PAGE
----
It was a slow, lazy Saturday afternoon. It would have to be for me to turn on the Mets when Jacob deGrom isn’t pitching (though Marcus Stroman can be a very entertaining watch, too). I grew up at a time here in Chicago when we hated the Mets as much as the Cardinals, and those instincts still flicker from time to time. But the Mets are also one of the few teams actually trying in the National League, so that requires some amount of monitoring.
So I flipped on FS1 somewhere around the 4th inning of Mets-Nats, in between all the soccer watching I was doing. And by the time I was done watching, somewhere around the 7th inning, I felt a sense of dread akin to Atlas’ burden. I didn’t have anywhere to go, or anything to switch to, and I simply couldn’t get through more than three innings without longingly looking at my bathtub as a final resting place. This wasn’t the fault of the Mets or the Nationals.
It was John Smoltz.
Smoltz spent a full three innings bitching, wailing, complaining, bemoaning, decrying the state of the game today as he saw it. I’m not sure he ever once commented on the game in front of him. If it wasn’t about how starters don’t go deep in games these days, it was how they’re managed. If it wasn’t how they’re managed, it was about their lack of repertoire. If it wasn’t that, it was about their lack of appetite to go deep in games. If it wasn’t that, it was how pitchers are developed. And if it wasn’t that… well, I don’t know, because I lost consciousness in there. Three full innings, one long complaint. It was like if Eugene O’Neill wrote a play about baseball commentary, except it felt even longer and more meandering.
I have spent time in this space criticizing various lead analysts of every sport. Tony Romo, Pierre McGuire, Cris Collinsworth, whoever else. And they all have their issues. But what I can say about all of them is that they at least sound like they enjoy watching the games they’re covering. Maybe they don’t, but they at least make it sound like they do.
Romo may just be a soundboard composed of noises you make when poked in various spots with a wooden spike, but he gives off a feeling that there’s nowhere else he’d rather be. He’d be watching football anyway if he weren’t being paid to do so. McGuire may be a creepy, weird reptile/human experiment, but he genuinely loves hockey and wants nothing more than to talk about it all the time. He really does think all these players are that amazing, and he sounds like he feels he’s been blessed to get to watch them up close.
And you really do believe Collinsworth spends all that time watching film, and as scary as that might be if you think about it for more than seven seconds, it certainly comes from a place of loving the game. Jeff Van Gundy, Mark Jackson, Grant Hill, Doris Burke, they all make the game they’re covering better because they actually enjoy being there. They are trying to sell you something, a bit, but that’s the job.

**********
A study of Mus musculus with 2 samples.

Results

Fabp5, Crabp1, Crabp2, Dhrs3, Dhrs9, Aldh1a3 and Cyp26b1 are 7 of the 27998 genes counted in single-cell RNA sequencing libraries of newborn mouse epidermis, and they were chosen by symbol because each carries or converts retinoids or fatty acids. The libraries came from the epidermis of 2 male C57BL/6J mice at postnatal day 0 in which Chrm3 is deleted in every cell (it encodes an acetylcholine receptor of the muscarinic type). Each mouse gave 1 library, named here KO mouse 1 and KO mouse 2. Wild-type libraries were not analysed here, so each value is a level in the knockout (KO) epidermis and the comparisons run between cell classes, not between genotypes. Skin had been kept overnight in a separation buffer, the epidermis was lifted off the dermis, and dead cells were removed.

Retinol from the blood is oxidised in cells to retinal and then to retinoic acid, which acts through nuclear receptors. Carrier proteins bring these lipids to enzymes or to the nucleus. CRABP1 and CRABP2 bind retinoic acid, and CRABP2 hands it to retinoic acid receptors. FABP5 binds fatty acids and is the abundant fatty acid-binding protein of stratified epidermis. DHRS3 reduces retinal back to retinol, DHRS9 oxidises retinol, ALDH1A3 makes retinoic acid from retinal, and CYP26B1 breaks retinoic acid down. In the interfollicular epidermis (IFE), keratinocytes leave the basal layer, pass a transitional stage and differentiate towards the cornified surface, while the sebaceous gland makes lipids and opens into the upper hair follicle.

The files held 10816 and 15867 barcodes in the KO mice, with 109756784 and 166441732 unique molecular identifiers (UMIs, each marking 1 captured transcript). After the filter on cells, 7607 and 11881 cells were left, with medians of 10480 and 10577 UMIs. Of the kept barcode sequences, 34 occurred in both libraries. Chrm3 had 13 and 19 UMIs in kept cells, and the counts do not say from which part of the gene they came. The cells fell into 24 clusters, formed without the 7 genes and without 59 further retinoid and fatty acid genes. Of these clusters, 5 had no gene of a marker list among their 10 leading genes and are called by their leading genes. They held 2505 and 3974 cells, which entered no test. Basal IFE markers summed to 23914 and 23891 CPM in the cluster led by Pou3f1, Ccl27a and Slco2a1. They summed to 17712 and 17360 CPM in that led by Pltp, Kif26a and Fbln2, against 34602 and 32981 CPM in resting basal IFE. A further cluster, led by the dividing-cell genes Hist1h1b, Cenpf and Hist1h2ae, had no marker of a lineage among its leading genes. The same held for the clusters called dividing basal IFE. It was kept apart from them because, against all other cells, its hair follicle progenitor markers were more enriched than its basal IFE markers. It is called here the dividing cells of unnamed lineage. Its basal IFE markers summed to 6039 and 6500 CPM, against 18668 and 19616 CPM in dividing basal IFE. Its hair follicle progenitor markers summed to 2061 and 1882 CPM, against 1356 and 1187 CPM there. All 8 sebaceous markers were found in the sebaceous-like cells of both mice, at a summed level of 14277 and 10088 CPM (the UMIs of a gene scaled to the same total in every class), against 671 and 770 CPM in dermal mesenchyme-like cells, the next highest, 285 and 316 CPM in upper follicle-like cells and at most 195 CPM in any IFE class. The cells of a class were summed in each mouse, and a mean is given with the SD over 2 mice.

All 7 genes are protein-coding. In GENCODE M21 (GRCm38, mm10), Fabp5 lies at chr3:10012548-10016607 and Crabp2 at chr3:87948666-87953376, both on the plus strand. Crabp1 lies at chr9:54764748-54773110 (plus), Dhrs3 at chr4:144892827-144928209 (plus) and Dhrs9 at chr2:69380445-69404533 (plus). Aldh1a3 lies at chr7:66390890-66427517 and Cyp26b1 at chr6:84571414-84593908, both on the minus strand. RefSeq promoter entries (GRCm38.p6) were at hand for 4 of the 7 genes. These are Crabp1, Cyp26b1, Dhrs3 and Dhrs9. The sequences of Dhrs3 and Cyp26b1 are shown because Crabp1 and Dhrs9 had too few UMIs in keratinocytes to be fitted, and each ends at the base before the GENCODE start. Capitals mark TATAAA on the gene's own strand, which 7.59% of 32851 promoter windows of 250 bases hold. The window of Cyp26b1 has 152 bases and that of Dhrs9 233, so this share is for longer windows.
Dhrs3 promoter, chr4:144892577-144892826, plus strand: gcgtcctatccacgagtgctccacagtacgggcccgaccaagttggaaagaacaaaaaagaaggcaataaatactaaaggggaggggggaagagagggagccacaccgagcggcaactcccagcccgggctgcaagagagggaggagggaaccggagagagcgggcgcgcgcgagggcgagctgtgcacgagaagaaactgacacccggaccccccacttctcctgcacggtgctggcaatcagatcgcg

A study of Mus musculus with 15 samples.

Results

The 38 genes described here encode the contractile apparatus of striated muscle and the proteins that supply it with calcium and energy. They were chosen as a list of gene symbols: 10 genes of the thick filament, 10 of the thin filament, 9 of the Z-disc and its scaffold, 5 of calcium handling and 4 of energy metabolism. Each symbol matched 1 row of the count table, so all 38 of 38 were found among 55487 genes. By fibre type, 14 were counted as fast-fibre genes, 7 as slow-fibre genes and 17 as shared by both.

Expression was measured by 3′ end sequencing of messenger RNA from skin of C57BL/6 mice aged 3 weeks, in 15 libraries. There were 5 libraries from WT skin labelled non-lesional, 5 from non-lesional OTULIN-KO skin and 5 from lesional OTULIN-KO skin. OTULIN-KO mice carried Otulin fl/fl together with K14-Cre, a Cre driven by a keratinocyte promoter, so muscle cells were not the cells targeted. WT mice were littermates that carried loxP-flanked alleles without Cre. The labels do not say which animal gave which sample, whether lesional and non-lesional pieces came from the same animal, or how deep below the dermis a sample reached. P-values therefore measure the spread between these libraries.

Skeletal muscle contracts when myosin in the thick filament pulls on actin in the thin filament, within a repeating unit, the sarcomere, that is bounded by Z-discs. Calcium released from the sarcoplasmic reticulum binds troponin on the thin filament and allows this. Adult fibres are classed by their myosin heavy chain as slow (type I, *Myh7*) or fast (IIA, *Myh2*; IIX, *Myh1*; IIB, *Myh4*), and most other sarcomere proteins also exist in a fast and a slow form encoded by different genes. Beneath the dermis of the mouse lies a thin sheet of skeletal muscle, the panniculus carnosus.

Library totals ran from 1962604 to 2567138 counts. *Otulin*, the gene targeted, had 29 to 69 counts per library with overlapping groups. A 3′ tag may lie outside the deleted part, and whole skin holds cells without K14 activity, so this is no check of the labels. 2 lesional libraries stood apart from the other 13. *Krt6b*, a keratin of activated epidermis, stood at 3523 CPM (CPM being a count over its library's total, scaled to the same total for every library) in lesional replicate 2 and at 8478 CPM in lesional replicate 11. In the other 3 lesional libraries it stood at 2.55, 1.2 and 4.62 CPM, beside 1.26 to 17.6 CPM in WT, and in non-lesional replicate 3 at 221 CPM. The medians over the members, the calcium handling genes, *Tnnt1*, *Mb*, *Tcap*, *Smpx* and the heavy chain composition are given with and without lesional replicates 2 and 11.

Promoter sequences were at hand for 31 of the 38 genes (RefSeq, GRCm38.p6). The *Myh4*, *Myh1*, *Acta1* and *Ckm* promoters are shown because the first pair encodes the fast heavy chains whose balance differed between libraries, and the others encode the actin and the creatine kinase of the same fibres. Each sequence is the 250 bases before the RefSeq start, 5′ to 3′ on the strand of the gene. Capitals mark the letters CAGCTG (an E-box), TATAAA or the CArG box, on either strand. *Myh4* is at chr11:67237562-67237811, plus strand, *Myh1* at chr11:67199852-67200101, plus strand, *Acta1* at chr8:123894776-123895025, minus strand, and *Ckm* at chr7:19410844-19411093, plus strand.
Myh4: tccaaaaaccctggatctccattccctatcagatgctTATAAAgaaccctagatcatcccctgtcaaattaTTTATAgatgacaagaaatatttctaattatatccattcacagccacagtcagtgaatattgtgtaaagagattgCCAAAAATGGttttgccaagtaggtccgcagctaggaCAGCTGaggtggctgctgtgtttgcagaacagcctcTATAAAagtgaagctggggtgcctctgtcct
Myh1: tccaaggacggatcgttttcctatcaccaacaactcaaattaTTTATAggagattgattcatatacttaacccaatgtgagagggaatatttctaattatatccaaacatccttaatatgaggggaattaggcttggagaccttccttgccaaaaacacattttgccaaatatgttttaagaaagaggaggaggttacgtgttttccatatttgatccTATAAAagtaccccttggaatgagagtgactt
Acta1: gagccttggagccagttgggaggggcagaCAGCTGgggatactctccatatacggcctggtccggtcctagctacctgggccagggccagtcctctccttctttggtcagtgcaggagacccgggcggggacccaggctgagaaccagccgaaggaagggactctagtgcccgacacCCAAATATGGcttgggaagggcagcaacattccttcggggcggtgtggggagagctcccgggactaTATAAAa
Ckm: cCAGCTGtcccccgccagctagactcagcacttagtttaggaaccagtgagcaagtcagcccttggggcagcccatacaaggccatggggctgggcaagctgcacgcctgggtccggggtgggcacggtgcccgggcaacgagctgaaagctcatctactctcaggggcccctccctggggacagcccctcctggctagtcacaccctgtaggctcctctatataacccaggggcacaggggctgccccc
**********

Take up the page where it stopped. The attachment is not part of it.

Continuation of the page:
Smoltz gives off all the affection and joy of finding out he’s drawn #92 at the DMV when they’re calling #3. He makes it clear this is all a chore for him, which makes it a chore for us. If you’re MLB, and one of your stated problems is you can’t attract newer, younger fans, how is that caused help by some guy telling you how much the game sucks every goddamn week on what are supposed to be your showcase games? I’m sure it really attracts people in their 20s to turn on their TVs and be pelted for two hours or more of, “Boy this is some real reheated shit compared to when I played when you weren’t even born, you young fuck!”
Smoltz’s act isn’t any different than Shaquille O’Neal’s, I suppose. Except O’Neal makes the news as much when he’s being pantsed and countered on pretty much every broadcast by either NBA players themselves or Candace Parker in the studio. No one tells Smoltz to shut the fuck up, which gives off the impression that everyone at Fox and MLB is just fine with this. So everyone thinks the product sucks?
And, yes, the product might suck, but isn’t it the broadcaster’s and league’s job to try and highlight why it doesn’t? Obviously, no sport defines itself more through backwards navel-gazing than baseball. Baseball is almost built on a foundation of pining for a simpler, better time that people think came before but probably didn’t (America’s pastime, indeed). But this is so far beyond to its own detriment it’s laughable if it wasn’t such a slog to hear.
Baseball assuredly has its problems right now. And those problems warrant intricate discussion. And at times, that would be welcomed on a national broadcast. But what Smoltz is doing isn’t discussion. It’s this:
(And yes, I realize citing a skit that’s some 50 years old isn’t exactly relating to the kids, but just go with me here.)
I don’t need a sport’s national broadcast to try and brainwash me and convince me that I’m watching something that isn’t actually there. Unless it’s Bill Walton, who’s just trying to convince me what he’s seeing, which could be just about anything and I need to know. But what I certainly don’t need, and MLB needs even less, is three hours of a broadcaster telling you why you shouldn’t be watching.